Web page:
Displaced Homemakers Network of New Jersey, Inc.In 1983, a group of service providers, representing nine Displaced Homemakers centers, met to discuss issues facing Displaced Homemakers and the centers. The funding of these centers by the Department of Education and the Department of Labor was being threatened. Recalling the slogan of "foremother," Tish Sommers, "Don't agonize; organize," we organized. Centers met with the Division on Women. We held meetings. We wrote and approved bylaws. A nominating committee presented the slate of officers. In January 1984, the first meeting of the Displaced Homemakers Network of New Jersey was held at the Lawrenceville Public Library in June 1984, New Jersey hosted its first three-day Region II Conference at Douglass College.
- In 1984, Governor Kean appropriated $250,000 to fund 11 programs.
- In 1985, $279,000 was appropriated for 13 centers.
- In 1986, $788,000 was appropriated for 18 centers.
- In 1987, funds were increased to $895,000.
- For 1988 through 1990, funds were increased to $945,000.
- In 1991, funding was decreased to $900,000.
- In 1998, funds were increased to $985,000.
With the help and hard work of the Displaced Homemakers Network of New Jersey, Inc., the line item was increased from $985,000 to $1,475,000 in fiscal year 2001. These same women worked to increase the line item again from $985,000 to $1,420,000 for the fiscal year 2002.
Displaced Homemakers Centers' HistoryDisplaced homemakers are women who have lost their primary source of income due to divorce, separation, death or disability of a spouse and therefore must obtain or upgrade their skills for transition into the paid labor market. Included are women who are moving from public assistance to work. They come from a wide range of age, ethnic and socio-economic backgrounds. New Jersey has more than 750,000 Displaced Homemakers between the ages of 30 and 66, and ranks 8th in the number of Displaced Homemakers in the nation. In the 1970s, the national divorce rate rose rapidly, as reported by the Center for Disease Control and Prevention. Women who had worked primarily in the home, raising a family, suddenly faced the daunting task of obtaining or updating skills and re-entering the workforce. In 1979, the New Jersey Displaced Homemakers Act was signed into law by then governor, Brendan Byrne. The Act did not appropriate funding, but mandated that action be taken to address the issue of Displaced Homemakers.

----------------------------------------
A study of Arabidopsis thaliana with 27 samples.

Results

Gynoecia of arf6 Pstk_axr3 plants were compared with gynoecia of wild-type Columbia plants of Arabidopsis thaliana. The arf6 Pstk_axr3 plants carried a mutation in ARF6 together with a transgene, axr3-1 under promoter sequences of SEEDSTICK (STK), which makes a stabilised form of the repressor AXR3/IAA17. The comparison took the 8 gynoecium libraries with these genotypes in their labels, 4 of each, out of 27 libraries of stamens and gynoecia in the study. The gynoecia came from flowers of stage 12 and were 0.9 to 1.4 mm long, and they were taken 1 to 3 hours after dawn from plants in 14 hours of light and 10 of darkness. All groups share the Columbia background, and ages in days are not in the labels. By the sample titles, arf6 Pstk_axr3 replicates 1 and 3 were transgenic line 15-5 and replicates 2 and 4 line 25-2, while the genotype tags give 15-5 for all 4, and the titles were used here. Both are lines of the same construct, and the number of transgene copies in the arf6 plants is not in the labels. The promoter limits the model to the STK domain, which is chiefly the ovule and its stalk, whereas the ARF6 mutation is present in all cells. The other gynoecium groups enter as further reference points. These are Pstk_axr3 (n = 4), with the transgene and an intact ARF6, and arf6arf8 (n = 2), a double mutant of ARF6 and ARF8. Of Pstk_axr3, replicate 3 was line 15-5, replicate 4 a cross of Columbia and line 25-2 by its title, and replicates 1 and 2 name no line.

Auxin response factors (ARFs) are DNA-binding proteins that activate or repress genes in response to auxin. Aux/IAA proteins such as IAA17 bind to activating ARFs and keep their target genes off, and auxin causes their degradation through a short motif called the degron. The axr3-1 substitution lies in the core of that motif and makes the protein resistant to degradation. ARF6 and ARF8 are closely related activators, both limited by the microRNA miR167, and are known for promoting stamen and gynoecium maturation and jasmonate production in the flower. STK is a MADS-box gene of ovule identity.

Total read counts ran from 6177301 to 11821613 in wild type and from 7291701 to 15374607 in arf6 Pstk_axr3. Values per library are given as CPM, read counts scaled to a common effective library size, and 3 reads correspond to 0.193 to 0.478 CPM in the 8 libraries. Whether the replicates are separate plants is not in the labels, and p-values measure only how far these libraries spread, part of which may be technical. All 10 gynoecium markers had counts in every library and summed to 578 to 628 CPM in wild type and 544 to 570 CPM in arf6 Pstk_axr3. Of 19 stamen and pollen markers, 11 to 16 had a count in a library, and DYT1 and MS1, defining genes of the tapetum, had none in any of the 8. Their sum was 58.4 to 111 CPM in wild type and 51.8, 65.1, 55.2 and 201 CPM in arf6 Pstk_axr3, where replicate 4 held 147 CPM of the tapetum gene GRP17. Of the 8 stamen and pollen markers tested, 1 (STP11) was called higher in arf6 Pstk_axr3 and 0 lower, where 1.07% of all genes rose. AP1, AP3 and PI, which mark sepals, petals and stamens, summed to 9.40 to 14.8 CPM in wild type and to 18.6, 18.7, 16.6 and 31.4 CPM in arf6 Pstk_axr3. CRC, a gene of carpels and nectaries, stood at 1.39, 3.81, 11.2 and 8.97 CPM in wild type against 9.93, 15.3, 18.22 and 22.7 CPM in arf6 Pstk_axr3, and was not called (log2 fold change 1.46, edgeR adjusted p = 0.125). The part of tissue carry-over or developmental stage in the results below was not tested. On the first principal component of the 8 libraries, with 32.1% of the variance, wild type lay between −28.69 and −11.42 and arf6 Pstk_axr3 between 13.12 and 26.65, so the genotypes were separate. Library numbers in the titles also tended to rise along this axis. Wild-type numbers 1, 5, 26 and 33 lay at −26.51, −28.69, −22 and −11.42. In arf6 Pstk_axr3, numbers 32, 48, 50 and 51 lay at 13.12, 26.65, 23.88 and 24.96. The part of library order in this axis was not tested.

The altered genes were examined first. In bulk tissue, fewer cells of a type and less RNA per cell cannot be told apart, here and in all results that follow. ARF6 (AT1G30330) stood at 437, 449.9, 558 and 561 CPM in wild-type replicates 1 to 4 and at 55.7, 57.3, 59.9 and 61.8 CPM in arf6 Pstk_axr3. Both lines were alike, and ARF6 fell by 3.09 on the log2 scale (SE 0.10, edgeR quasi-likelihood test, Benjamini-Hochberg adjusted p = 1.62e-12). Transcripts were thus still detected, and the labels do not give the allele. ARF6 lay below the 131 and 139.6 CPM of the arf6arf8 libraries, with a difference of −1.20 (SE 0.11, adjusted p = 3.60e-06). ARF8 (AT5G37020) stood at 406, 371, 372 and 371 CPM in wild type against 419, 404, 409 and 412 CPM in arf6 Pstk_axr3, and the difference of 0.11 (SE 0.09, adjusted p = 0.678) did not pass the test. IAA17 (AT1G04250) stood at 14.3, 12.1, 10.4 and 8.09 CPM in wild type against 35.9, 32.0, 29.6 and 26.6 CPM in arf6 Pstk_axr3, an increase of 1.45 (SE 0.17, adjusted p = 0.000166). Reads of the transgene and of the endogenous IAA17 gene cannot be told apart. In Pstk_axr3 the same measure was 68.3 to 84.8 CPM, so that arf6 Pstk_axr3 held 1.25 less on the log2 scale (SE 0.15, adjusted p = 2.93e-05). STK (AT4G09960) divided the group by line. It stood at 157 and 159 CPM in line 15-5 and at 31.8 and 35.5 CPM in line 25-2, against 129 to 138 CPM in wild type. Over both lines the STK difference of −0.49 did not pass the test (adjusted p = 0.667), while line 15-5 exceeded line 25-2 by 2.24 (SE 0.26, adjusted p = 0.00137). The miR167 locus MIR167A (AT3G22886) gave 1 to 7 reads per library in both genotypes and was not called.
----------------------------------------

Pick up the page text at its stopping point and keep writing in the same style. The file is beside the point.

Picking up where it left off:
In 1982, the Vocational Division of the New Jersey Department of Education appropriated startup funds for six Displaced Homemakers centers. Six pilot centers were established across the state to provide counseling and training, and to address the barriers faced by these women.
The Displaced Homemakers Centers provide outreach, intake and orientation, personal and group counseling, assessment and testing, career and educational programs, computer training, life skills development, skills training, pre-employment preparation, supportive services, English as a second language, referrals and job placement. There are currently 15 centers in New Jersey's 21 counties.
The centers, with their varied services, are designed to enhance the employability and earnings of women and impact of the quality of their lives and those of their families. Center coordinators/directors draw on a wide range of contact within their towns, cities, and counties to help individuals find the assistance they need.
With supportive counseling and training, a Displaced Homemakers is assisted in reaching her full potential. She can gain a heightened awareness of her untapped talents, greater confidence in her own abilities and new skills to meet the challenges of the labor market. With these improvements, she gains economic and emotional self-sufficiency for herself and her children.On January 28, 2013, Governor Chris Christie signed a bipartisan resolution into law to designate May as Displaced Homemakers Awareness month.
New Jersey Department of Children and Families Division on WomenIn 1974, the New Jersey Division on Women (DOW) was established as a pioneering state agency for women's advocacy throughout the state. Today, DOW is proud to continue the tradition of advocating for women's rights and opportunities through the funding of organizations, agencies and programs that provide a variety of services to the women of New Jersey. DOW's dedicated staff develops, promotes, and expands women's rights in the areas of poverty and welfare, employment and wages, work and family, the economic and social aspects of healthcare, violence against women, and women's civic and political participation in their communities.
Through DOW's work in program development, research policy analysis and the advancement of public discussion of issues critical to women, DOW fosters programs and services that empower the women of New Jersey.
The mission of the NJ DOW is to create, promote and expand the rights and opportunities for all women in the State of New Jersey. The Division conducts research leading to public policy to support the development, coordination and evaluation of programs and services for women.
Currently funded through the New Jersey Department of Children and Families Division on Women, Displaced Homemakers centers seek additional funding through grants, donations, community resources, and more.
To learn more about how you can help Displaced Homemakers, click here.